Those problems all start with the staggering global inequalities of our time

 Demonstrators participates in the Families Belong Together - Freedom For Immigrants March at Los Angeles City Hall on June 30, 2018 in Los Angeles, California. (Photo by Sarah Morris/Getty Images)

 Demonstrators participates in the Families Belong Together - Freedom For Immigrants March at Los Angeles City Hall on June 30, 2018 in Los Angeles, California. (Photo by Sarah Morris/Getty Images)

The ultimate causes of the emigration producing immigration crises in the United States and elsewhere? Those would be the gross inequalities among and within nations in resources and power. The only real solution to the crisis? That would be to move to equalization and sharing among nations, through agreements and institutions at the international level — the opposite of the direction Donald Trump is moving U.S. policy.

Separating children from their parents, within the process of dealing with immigration, should be beyond the pale of reasonable disagreement, and the basic answer should be non-controversial: very simple, don’t do it! Indeed, we have no excuse for not dealing with the causes of the immigration problem as such.

Looking at causes seems almost taboo today. Either these causes come across as too complicated, and we have no time to think about them, or, if we do, the remedies seem so farfetched as to be utopian and not worth even thinking about.

But the cause of our immigration problem remains, in fact, quite simple. The need to emigrate from one country to another arises out of our gross global inequality: inequalities in income and wealth, inequalities in power, unequal levels of individual security and dignity. At least the first step dealing with these fundamental causes of emigration might seem to be equally clear: These causes can ultimately, but the sooner the better, be dealt with at the international level.

After the end of the First World War, in a brief flurry of interest for collective global action, the nations of the world went so far as to adopt a Universal Declaration of Human Rights, with language on a par in its nobility with the language of the United States Declaration of Independence.

“Recognition of the inherent dignity and of the equal and inalienable right of all members of the human family is the foundation of freedom, justice, and peace in the world.”

This declaration deserves to be as familiar: “Recognition of the inherent dignity and of the equal and inalienable right of all members of the human family is the foundation of freedom, justice, and peace in the world.”

Any quest for the solution to the problems of immigration should rest on this foundation.

We might start that quest with the briefly discussed but ill-fated efforts to agree on national quotas. These at least reflected an incipient belief in an international approach to the problem. Agreement might be sought, perhaps, for international standards at some absolutely minimal level — no separation of children from parents or some guarantee of due process.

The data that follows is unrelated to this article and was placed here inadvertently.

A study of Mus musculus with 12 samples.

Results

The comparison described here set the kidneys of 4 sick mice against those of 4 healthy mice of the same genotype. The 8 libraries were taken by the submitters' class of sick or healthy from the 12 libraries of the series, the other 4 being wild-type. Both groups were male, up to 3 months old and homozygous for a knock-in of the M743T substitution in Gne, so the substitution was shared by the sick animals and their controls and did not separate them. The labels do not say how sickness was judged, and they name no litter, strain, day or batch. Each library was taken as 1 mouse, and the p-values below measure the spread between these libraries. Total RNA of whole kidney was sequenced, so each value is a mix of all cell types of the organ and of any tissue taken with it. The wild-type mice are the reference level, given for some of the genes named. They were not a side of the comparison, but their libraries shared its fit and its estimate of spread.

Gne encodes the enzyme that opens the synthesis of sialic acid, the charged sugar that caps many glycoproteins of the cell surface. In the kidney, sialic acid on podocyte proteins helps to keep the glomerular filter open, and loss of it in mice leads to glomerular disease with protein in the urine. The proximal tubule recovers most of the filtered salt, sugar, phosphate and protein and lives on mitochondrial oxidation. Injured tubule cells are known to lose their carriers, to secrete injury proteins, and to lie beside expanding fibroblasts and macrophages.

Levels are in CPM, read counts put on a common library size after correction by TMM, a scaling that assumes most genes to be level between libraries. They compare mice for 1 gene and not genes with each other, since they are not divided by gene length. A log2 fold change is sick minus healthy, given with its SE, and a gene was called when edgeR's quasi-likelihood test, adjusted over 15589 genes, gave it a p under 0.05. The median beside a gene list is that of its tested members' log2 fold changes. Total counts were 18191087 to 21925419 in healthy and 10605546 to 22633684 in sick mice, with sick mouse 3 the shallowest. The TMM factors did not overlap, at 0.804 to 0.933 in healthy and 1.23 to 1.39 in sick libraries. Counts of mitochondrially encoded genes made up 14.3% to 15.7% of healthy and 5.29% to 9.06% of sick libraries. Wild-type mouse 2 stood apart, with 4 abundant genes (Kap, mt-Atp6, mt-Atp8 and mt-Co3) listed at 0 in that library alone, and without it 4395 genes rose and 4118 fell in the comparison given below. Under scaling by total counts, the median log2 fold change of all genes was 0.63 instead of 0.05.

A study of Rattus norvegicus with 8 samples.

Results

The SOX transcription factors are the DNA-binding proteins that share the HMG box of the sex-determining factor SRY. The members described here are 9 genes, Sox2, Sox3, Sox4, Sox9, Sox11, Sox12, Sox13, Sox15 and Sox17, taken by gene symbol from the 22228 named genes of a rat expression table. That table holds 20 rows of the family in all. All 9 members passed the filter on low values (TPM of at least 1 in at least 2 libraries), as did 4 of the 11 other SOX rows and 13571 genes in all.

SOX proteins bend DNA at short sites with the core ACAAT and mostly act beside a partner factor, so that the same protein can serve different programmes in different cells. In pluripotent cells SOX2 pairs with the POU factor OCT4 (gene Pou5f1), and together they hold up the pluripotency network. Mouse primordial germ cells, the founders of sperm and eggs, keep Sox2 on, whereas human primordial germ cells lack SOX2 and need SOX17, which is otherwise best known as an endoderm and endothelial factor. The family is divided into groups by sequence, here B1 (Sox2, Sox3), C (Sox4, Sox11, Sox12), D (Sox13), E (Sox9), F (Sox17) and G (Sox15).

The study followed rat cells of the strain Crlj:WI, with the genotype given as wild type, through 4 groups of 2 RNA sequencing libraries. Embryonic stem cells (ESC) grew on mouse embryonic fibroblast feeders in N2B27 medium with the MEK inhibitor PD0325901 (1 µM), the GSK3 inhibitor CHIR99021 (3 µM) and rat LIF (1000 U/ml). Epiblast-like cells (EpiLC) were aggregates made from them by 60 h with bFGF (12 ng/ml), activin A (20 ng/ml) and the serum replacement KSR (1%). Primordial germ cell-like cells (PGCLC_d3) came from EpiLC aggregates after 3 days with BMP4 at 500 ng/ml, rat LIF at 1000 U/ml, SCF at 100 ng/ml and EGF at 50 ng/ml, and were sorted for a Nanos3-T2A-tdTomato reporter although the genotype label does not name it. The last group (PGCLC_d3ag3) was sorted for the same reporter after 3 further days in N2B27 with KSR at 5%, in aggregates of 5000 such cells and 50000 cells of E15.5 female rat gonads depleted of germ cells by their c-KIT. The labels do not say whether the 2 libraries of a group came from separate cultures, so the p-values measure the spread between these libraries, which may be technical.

Some international standards already exist, in the definitions, for instance, agreed upon in the 1951 Geneva Convention on Refugees for concepts such as fear of persecution. Or in the agreements against the use of poison gas and chemical weapons in warfare. Why not international standards for the treatment of those seeking to emigrate out of similarly defined urgent need?

We also already have a variety of national and international limited agreements for immediate remedial measures. Germany finances aid to Turkey to promote its measures reducing flight from that country. Prime Minister Netanyahu of Israel, helped by the high commissioner for refugees, briefly signed an agreement, unfortunately short-lived, to support financially measures in Eritrea and Sudan to staunch the flow of refugees from those countries to Israel and to cooperate with other western countries to accept refugees emigrating from them. Other ideas have surely been advanced along similar lines and deserve study attention.

And could we not at least envision further principled moves to support universal free education through grades 12, with an international fund and matching local contributions for financing? Wasn’t there once a broad Marshall Plan that had victorious countries aiding devastated ones after the Second World War? Couldn’t such efforts at least be aspirations to put on the table in international conferences — and even in our own election campaigns? Wouldn’t positive relations with our allies and neighbors, not a route the Trump administration seems interested in taking, be enhanced by such discussions?

Might even Donald Trump find some value in such a direction, as relieving him, all alone, from having to face problems that he clearly is not on the way to solving by himself? Cynically, perhaps, but usefully, kicking the can of immigration reform upstairs?


Peter Marcuse is a professor emeritus of urban planning at Columbia University. Born in Berlin in 1928, he emigrated to the United States as a small boy early in the Third Reich. The author of many books, he currently blogs on critical planning and related concerns.